As a small token of the problems that are inherent with trying to make a quality film on a miniscule budget like director Robert Spera's Witchcraft, notice that the title credits contain the word, "Origional." It's not the most serious gaffe, perhaps, but it's representative of the problems that plague this film -- which is not half as bad as its reputation has it -- namely, that the lack of budget resulted in a finished product that is two rewrites short of a decent script, two takes short of quality scenes, two razors short of effective editing, and two staves short of a good score.
There are more blatant indicators of a micro-budget, such as the cheesy home video-camera quality of the title lettering and the low-grade film stock (or possibly tweaked videotape), but neither of these factors would be indicative of a bad film in themselves. I've certainly sat through my share of no-budget, direct-to-video, "Hey, let's make a film in our back yard" horror films, and some of them are pretty good. Unfortunately, the cast and crew behind Witchcraft are not so brimming with natural talent that they can make a great film despite the traditional guerilla filmmaker disadvantages. They're more the sort of motley crew who can make a good film if given at least 10 million dollars and a year to do rewrites and retakes.
Aside from the proofreading error, the beginning of Witchcraft is actually promising. For the first five to ten minutes, it was decent, though not exceptional. The beginning juxtaposes a 17th Century couple who are accused of witchcraft as they are dragged out of their home and burned at the stake with a present day woman in childbirth. The music, although it was obvious that it was performed only on a midline synthesizer, was effective (besides, John Carpenter has also performed scores, such as the one for They Live, on midline synthesizers, and they've worked beautifully; so the low-budget approach isn't a problem in itself); the editing featured quick cuts that adequately implied the link that Spera and scripter Jody Savin wished to establish between the characters and time periods; since no one had to say much, the performances were fine; and for the same reason, none of the profound problems with the dialogue were yet apparent.
From this moderately promising beginning, however, it doesn't take long for Witchcraft to come to a screeching halt. The first glimmer of trouble comes with the dialogue and performances between John (Gary Sloan) and a nurse, as John tries to see his wife, Grace (Anat Topal-Barilai), and newborn son accompanied by Linda (Deborah Scott), his wife's friend. When he's in Grace's room no more than two minutes and the nurses are saying that it's time to put the baby back in the nursery, you begin realizing that maybe the slip wasn't just a minor quirk, and when composer Randy Miller segues into what sounds like the cheesiest Saturday-morning cartoon "comic music" that you've ever heard while Linda sneaks like a mouse through the hospital corridors, you know you're in trouble.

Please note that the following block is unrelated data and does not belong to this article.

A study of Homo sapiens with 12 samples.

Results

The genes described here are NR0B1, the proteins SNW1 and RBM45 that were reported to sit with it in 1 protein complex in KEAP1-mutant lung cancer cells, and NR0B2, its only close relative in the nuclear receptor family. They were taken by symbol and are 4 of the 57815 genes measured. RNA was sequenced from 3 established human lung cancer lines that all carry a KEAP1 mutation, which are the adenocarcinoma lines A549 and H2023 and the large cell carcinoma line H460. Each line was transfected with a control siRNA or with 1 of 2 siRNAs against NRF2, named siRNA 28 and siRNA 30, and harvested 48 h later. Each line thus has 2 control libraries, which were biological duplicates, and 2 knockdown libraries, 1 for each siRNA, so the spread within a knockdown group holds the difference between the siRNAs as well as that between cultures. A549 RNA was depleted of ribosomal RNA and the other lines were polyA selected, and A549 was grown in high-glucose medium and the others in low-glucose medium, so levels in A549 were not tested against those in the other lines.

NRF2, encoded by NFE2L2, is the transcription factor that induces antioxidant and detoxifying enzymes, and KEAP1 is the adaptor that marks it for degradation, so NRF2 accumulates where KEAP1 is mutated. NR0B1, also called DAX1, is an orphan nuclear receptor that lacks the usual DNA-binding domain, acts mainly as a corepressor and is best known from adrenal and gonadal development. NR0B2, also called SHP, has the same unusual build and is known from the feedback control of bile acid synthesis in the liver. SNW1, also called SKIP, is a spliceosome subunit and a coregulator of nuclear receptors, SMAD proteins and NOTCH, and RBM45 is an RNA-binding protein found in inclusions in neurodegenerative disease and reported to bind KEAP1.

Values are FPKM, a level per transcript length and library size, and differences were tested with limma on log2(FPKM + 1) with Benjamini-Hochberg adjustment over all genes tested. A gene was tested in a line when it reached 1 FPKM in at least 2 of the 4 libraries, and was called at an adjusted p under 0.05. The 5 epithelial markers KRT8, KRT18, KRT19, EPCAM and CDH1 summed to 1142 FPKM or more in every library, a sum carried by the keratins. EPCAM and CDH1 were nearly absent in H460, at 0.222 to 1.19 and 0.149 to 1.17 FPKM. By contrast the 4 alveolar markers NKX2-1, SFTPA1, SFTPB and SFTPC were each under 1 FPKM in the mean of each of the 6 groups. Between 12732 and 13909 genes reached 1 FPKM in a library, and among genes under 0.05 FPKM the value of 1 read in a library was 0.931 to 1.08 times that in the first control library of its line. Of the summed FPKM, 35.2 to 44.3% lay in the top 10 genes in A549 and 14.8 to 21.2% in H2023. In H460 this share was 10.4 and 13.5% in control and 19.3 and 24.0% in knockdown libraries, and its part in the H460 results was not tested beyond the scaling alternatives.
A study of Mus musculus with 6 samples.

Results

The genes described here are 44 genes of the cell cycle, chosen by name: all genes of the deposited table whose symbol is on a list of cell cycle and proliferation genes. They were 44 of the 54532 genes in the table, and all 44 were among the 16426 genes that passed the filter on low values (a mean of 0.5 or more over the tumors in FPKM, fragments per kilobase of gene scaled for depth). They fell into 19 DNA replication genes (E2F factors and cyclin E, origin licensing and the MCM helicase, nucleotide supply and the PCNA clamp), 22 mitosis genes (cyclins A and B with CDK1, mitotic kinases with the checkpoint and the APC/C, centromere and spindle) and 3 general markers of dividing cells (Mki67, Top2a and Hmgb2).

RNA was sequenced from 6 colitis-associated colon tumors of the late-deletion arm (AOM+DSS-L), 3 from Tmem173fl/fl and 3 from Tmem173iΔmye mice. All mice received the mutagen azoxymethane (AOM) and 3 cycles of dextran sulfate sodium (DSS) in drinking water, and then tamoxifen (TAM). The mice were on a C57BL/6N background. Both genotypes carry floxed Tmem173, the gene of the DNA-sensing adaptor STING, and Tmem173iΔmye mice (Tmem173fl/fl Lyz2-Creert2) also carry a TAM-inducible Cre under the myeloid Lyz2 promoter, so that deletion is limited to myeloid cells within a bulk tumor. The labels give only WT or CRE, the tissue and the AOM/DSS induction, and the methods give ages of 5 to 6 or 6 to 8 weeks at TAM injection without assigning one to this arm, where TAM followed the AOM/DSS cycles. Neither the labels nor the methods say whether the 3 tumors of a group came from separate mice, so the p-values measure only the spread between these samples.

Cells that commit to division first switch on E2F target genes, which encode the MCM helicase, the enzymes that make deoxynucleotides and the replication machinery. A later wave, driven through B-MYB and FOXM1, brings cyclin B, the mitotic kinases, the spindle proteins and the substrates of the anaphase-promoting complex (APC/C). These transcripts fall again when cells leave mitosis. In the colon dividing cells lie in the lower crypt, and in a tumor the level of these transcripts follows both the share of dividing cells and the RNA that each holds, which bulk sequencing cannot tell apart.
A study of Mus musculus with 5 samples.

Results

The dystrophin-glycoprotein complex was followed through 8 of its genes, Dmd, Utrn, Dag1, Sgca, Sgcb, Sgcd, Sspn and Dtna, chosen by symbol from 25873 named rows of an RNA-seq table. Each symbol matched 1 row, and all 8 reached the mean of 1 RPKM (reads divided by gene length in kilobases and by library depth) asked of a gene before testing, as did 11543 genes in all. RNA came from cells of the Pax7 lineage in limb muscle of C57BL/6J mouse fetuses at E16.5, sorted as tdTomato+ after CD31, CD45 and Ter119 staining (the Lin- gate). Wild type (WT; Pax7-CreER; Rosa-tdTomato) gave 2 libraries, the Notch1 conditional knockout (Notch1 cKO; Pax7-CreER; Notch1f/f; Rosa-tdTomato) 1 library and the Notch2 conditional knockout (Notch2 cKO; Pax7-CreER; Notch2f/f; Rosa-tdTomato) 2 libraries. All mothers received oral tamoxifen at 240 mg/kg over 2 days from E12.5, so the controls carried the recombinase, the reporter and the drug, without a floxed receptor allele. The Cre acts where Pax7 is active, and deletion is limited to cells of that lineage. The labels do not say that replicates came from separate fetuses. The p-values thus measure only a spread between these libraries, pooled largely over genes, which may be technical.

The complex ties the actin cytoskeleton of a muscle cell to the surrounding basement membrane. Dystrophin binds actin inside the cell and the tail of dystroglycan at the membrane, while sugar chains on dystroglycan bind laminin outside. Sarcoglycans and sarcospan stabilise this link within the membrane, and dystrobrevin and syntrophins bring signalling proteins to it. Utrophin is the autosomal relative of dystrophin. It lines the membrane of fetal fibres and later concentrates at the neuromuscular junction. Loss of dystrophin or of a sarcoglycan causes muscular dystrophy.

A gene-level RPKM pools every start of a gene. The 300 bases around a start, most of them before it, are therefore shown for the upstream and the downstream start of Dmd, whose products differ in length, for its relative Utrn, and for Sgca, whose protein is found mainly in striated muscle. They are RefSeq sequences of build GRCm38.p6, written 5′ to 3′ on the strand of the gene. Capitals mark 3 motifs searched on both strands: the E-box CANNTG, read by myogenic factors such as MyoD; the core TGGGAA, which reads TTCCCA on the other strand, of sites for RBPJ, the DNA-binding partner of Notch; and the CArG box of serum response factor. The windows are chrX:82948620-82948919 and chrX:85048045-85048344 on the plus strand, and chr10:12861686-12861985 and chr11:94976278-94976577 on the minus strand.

The gist of the premise isn't a bad idea -- John pressures Grace into temporarily staying at his mother's house instead of going back to their own home after she has the baby, with the pretense that Grace is going to need help in caring for the child. Grace is uncomfortable with the idea, and it doesn't help when John insists that the baby stay in a separate room, he never sleeps with her anymore, and John's mom keeps making her a tea that knocks her out. In the meantime, Grace is a child of parents who died via a murder/suicide (initiated by her father) and when increasingly strange things begin to happen, she, and the viewer, isn't quite sure, at least until further into the film, if the strange things are really happening or if Grace is simply flirting with impending insanity.
The execution has ten too many illogical steps, including the fact that Grace seems to have never seen her mother-in-law's home before and although John is said to "own half of Massachusetts," they have no place to stay except for Mom's house when Grace discovers that their own place burned down. Other problems are in the vein of relaying necessary backstory through dialogue that is completely unnatural and which comes at inappropriate times. The best example of this is the conversation between Grace and Linda while ascending the staircase the first time Linda visits Grace at her mother-in-law's.
Another very strange problem is that as Witchcraft progresses, the pacing becomes increasingly slower, until it almost seems to grind to a halt. It's almost as if Spera shot (and edited) the film sequentially (not the norm, but not that uncommon with amateur productions) and eventually realized that the script and/or realization was too slim to support a feature-length film, so he stretched out the later scenes. Unfortunately, this almost completely ruins any momentum that Witchcraft had, at least until the last 10 or 15 minutes, which are more interesting because we finally see some deaths.
As a horror film, there isn't much horror, atmosphere or eerieness, and there isn't much gore either. At least Spera had the good sense to realize that most of the make-up and effects work wasn't going to knock anyone out, and filmed "around it" instead.
I didn't feel that my time was wasted with Witchcraft, but I wasn't that entertained either. Overall, this is a dull film with only a few hints of spice, hardly a promising start to an 11-film (plus?) empire.